By lin sue cooney
Whether it’s Hungarian paprika chicken, sausage lentil soup or Brussels sprouts with pickled onion, Mark Adinolfi loves to try new recipes. He is happiest feeding his passion: Whipping up gourmet dishes for his wife Jeanne and daughter Sophia.
But in January 2016, Adinolfi was diagnosed with ALS, a type of muscular dystrophy sometimes called Lou Gehrig’s disease. At first, Adinolfi noticed a loss of strength in both hands. As his condition progressed, he was no longer able to prepare meals — even though his heart ached to be in the kitchen, chopping, dicing, sauteing.
“Because of ALS, I can’t provide other things as much,” Adinolfi explains, “but I still wanted to spoil my wife, who appreciates good food.”
Thanks to a marvelous assistant, Adinolfi is still a chef. Hospice of the Valley volunteer Jeff Riddle has become Adinolfi’s hands. Though he calls himself “a reluctant cook,” Riddle dutifully executes the detailed instructions Adinolfi gives from his motorized wheelchair — from sprinkling Aleppo Turkish pepper on potato slices to slicing apples just the right thickness.
“This disease isolates me. But a wonderful guy comes into my life and sometimes when he shows up, I say, ‘Dude, we’re cooking whatever falls out of the fridge,’” Riddle says with a laugh.
“Cooking and sharing a meal with Mark and his family is the best thing that I do,” Riddle says with passionate emphasis. “We improvise a lot due to his prowess and it always tastes amazing!”
Every Friday, the Adinolfi kitchen is filled with laughter. The weekly ritual is something both men, now fast friends, anticipate with excitement. They tease and joke as if they’ve always known one another. Sophia even decorated an apron for Riddle. The 11-year-old inspects the meat to make sure it’s brown enough before going in the oven. A beaming Jeanne sets the table, savoring the happy noises and the tantalizing smell of caramelized onions.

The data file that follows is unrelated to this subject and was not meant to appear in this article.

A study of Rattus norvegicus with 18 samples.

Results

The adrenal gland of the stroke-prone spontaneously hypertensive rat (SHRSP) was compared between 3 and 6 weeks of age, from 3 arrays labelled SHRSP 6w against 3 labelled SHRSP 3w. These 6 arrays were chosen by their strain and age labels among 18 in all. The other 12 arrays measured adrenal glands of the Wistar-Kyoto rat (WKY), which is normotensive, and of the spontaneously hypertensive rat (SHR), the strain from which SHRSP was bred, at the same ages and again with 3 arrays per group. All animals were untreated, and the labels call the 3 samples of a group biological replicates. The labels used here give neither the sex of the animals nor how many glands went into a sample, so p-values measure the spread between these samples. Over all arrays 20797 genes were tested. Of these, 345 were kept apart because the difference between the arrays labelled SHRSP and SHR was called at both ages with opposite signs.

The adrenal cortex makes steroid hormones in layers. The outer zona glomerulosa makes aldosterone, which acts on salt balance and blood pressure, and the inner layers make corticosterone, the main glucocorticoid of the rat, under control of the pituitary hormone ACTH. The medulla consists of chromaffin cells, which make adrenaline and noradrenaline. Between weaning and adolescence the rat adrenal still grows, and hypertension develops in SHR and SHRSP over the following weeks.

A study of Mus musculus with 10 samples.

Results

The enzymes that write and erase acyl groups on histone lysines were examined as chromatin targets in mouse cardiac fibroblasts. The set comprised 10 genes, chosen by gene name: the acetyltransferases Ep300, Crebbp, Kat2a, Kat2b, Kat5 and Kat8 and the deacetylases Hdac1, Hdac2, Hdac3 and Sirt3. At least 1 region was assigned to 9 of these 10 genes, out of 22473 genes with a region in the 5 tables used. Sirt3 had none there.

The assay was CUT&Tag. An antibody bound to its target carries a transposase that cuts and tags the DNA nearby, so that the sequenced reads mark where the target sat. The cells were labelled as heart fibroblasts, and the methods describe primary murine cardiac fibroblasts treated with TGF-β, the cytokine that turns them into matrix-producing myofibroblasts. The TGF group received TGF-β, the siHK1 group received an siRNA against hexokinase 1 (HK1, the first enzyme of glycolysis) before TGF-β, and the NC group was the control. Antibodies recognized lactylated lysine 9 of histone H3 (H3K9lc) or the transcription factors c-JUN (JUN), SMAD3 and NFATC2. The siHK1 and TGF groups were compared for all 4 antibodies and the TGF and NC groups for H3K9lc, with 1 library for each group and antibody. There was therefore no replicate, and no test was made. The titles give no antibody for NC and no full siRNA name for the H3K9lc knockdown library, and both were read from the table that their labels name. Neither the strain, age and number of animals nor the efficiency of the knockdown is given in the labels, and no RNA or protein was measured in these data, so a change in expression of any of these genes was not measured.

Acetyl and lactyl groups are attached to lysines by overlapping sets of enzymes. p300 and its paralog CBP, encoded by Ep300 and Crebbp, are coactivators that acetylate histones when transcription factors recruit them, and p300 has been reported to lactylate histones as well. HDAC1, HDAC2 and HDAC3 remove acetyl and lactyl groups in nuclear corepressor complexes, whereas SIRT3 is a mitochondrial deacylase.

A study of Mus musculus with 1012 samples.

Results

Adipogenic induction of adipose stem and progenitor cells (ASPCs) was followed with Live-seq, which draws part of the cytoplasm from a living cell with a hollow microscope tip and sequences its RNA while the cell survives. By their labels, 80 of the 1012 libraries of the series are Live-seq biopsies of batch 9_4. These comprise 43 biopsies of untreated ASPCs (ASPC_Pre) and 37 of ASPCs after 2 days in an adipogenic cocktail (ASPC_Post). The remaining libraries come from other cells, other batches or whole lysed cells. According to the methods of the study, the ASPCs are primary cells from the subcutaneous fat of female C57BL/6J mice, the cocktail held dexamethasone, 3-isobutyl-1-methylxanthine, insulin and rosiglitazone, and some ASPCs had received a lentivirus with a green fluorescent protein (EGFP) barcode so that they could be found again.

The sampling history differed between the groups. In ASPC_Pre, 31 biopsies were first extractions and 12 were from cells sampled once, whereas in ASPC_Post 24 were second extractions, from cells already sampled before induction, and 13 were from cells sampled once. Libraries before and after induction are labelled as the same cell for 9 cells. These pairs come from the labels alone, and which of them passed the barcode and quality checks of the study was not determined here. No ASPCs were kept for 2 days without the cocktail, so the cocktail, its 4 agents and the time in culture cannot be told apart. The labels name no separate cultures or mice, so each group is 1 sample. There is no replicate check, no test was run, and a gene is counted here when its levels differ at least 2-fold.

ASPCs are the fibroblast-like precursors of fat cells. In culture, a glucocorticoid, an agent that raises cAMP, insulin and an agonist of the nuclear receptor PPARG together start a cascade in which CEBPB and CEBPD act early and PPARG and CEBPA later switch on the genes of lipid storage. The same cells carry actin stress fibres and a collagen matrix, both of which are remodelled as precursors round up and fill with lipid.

About an hour later, dinner is served: beautifully roasted pork tenderloin with green apples and rosemary potatoes. The meal is perfect.
But it’s not really about the food.
“Jeff met me in a wheelchair,” Adinolfi says. “He’s not like an old friend who maybe has a little sadness in their eyes. Jeff knows me exactly as I am now… He’s a genuine new friend.”
Such friendships are waiting for anyone who might feel moved to volunteer with a family.
“There is nothing more powerful you can do as a human being than walk alongside people who are facing incredible challenges,” Jeff gushes. “It feels incredible, and what you receive far exceeds anything that you can give.”
If you’re interested in providing companionship to Hospice of the Valley patients and offering support and respite to their families — whether it’s cooking reading, singing or just being present and caring — we’d love to have you join our volunteer family.
For more information, go to hov.org/volunteer or call 602-530-6900.